Toni Epple
Anton is a consultant worldwide for a wide variety of companies, ranging from startups to Fortune 500 companies, in many areas, including finance institutions and aerospace. His main interest is Client side development, and he has authored books and numerous articles on this topic. He is a member of the NetBeans Dream Team and a Oracle Java Champion. In 2013 he was elected as a JavaONE Rockstar, in 2014 he received a Duke’s Choice Award for his work on DukeScript.

Tower Defense in JavaFX (3)

In the last part you saw how you can create Sprites, animate them, and give them Behavior. But the animation isn’t very nice, because as an Insectoid you’re supposed to always look where you fly. Remember: Safety first! We can do that very easily by creating a custom TileSetAnimation:

public class RotatingTileSetAnimation extends TileSetAnimation {

private double angle = 0;

public RotatingTileSetAnimation(TileSet set, int[] indices, float speed) {
super(set, indices, speed);

public void setAngle(double angle) {
this.angle = angle;

public void render(Sprite sprite, GraphicsContext context, float alpha, long delta) {
context.translate(sprite.getWidth() / 2, sprite.getHeight() / 2);
context.translate(-sprite.getWidth() / 2, -sprite.getHeight() / 2);
super.render(sprite, context, alpha, delta); //To change body of generated methods, choose Tools | Templates.

We can calculate the rotation angle from the x and y velocity and set it on our GraphicsContext before rendering. So here’s a subclass that does that:

public class LookAheadTileSetAnimation extends RotatingTileSetAnimation {

public LookAheadTileSetAnimation(TileSet set, int[] indices, float speed) {
super(set, indices, speed);

public void render(Sprite sprite, GraphicsContext context, float alpha, long delta) {
setAngle(Math.toDegrees(Math.atan2(sprite.getVelocityY(), sprite.getVelocityX())));
super.render(sprite, context, alpha, delta); //To change body of generated methods, choose Tools | Templates.

Here’s the result:

Fairly simple, isn’t it? Now the next step will be to add some behavior to the turets themselves. I want them to always check for the closest enemy and point the cannon at it. First I changed the code a bit and separated the turrets into bases and cannons again. So when you select a cannon now, a turret-base will be placed in the TileLayer named “turret-bases”. I simply changed the TurretView class to support this:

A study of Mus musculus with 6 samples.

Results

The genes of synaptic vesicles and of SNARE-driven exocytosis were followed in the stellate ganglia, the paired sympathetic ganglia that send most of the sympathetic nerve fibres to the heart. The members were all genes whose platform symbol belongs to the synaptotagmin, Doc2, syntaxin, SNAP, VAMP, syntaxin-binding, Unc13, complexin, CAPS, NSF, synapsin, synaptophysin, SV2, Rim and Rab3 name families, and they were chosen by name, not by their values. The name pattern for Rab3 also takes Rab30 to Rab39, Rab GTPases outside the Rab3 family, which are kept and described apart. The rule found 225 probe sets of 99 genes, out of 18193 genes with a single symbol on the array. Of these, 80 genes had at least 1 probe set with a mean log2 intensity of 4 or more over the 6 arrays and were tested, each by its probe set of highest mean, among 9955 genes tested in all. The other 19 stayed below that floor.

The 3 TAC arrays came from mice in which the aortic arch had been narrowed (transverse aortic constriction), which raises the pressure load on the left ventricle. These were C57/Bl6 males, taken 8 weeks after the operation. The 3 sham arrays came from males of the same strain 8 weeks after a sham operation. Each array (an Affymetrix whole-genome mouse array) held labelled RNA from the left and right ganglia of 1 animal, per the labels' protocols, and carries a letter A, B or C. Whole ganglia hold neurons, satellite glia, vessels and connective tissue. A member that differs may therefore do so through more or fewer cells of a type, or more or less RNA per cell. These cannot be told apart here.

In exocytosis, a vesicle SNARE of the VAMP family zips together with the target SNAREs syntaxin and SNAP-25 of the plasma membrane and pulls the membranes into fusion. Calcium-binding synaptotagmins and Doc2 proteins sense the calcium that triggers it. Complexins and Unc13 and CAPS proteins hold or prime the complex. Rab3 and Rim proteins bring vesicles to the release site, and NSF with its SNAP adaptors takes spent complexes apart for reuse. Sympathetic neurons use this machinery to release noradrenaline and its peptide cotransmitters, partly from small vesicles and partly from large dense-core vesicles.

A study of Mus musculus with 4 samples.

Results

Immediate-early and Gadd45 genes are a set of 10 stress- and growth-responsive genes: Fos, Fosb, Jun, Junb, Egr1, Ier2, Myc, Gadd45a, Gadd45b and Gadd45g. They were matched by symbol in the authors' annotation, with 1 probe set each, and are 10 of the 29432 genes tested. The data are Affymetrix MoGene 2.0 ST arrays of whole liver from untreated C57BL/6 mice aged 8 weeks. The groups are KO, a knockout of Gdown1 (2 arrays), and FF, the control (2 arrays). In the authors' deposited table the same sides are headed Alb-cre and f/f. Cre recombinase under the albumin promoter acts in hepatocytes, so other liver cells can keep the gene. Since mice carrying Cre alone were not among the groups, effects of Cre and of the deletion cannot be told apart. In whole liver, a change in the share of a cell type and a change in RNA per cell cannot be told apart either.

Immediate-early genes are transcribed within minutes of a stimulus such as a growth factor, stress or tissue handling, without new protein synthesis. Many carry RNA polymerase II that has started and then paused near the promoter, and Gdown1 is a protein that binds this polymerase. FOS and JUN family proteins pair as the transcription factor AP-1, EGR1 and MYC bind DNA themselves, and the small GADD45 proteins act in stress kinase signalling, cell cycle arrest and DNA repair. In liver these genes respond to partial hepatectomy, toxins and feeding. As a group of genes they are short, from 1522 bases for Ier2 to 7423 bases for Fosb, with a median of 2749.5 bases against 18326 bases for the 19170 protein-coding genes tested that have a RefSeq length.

class TileSetView extends StackPane {

Canvas canvas;
TileSet cannons;
TileSet bases;
int selectedIndex = 0;
Color selected = Color.rgb(100, 100, 255, .2);

public TileSetView() {

public void setTileSet(final TileSet bases, final TileSet cannons) {
this.cannons = cannons;
this.bases = bases;
ImageView turretBases = new ImageView();

ImageView turretCannons = new ImageView();

getChildren().addAll(turretBases, turretCannons);

canvas = new Canvas(cannons.getTileImage().getWidth(), cannons.getTileImage().getHeight());
canvas.setOnMouseClicked(new EventHandler() {
public void handle(MouseEvent t) {
double x = t.getX();
double y = t.getY();
selectedIndex = (int) ((int) x / cannons.getTilewidth() + (((int) y / cannons.getTileheight()) * cannons.getNumColumns()));

public int getSelectedGid() {
if (bases == null) {
return -1;
return bases.getFirstgid() + selectedIndex;

public int getSelectedIndex(){
return selectedIndex;

public void updateCanvas() {
GraphicsContext graphicsContext2D = canvas.getGraphicsContext2D();
graphicsContext2D.clearRect(0, 0, canvas.getWidth(), canvas.getHeight());
if (selectedIndex >= 0) {
int x = selectedIndex % cannons.getNumColumns();
int y = selectedIndex / cannons.getNumColumns();
graphicsContext2D.fillRect(x * cannons.getTilewidth(), y * cannons.getTileheight(), cannons.getTilewidth(), cannons.getTileheight());

So this is what it looks like now:

Next we add the cannons. While the turret-bases are simpel Tiles, our Cannons need to be Sprites, so we can add Behavior to them:

public class CannonSprite extends Sprite {

RotatingTileSetAnimation rotateAnimation;

public CannonSprite(GameCanvas parent, RotatingTileSetAnimation animation, String name, double x, double y, int width, int height) {
super(parent, animation, name, x, y, width, height, Lookup.EMPTY);
this.rotateAnimation = animation;
addBehaviour(new SpriteBehavior() {
public boolean perform(Sprite sprite) {
Sprite closest = null;
double dist = Double.MAX_VALUE;
Collection sprites = sprite.getParent().getSprites();
for (Sprite sprite1 : sprites) {
if (sprite1 instanceof EnemySprite) {
double distance = distance(getX(), getY(), sprite1.getX(), sprite1.getY());
if (distance < dist) {
dist = distance;
closest = sprite1;
if (closest != null) {
rotateAnimation.setAngle(Math.toDegrees(Math.atan2(closest.getY() - sprite.getY(),closest.getX() - sprite.getX())));

return true;

public double distance(double x1, double y1, double x2, double y2) {
return Math.sqrt(
(x1 - x2) * (x1 - x2)
+ (y1 - y2) * (y1 - y2));

Again I’m using a RotatingTileSetAnimation and simply set the angle so the cannon points at the closest Enemy. Here’s what we get:

That’s it for this part of the tutorial. We’ve created some custom animations to make the Insectoids look in the right direction and also to make the Turrets always point at the closes target. As you can see from these examples, the Game Engine tries to make it really simple to add Behavior to the Sprites. In the next part we’ll make the turrets fire at their Enemies.

Reference: Tower Defense in JavaFX (3) from our JCG partner Toni Epple at the Eppleton blog.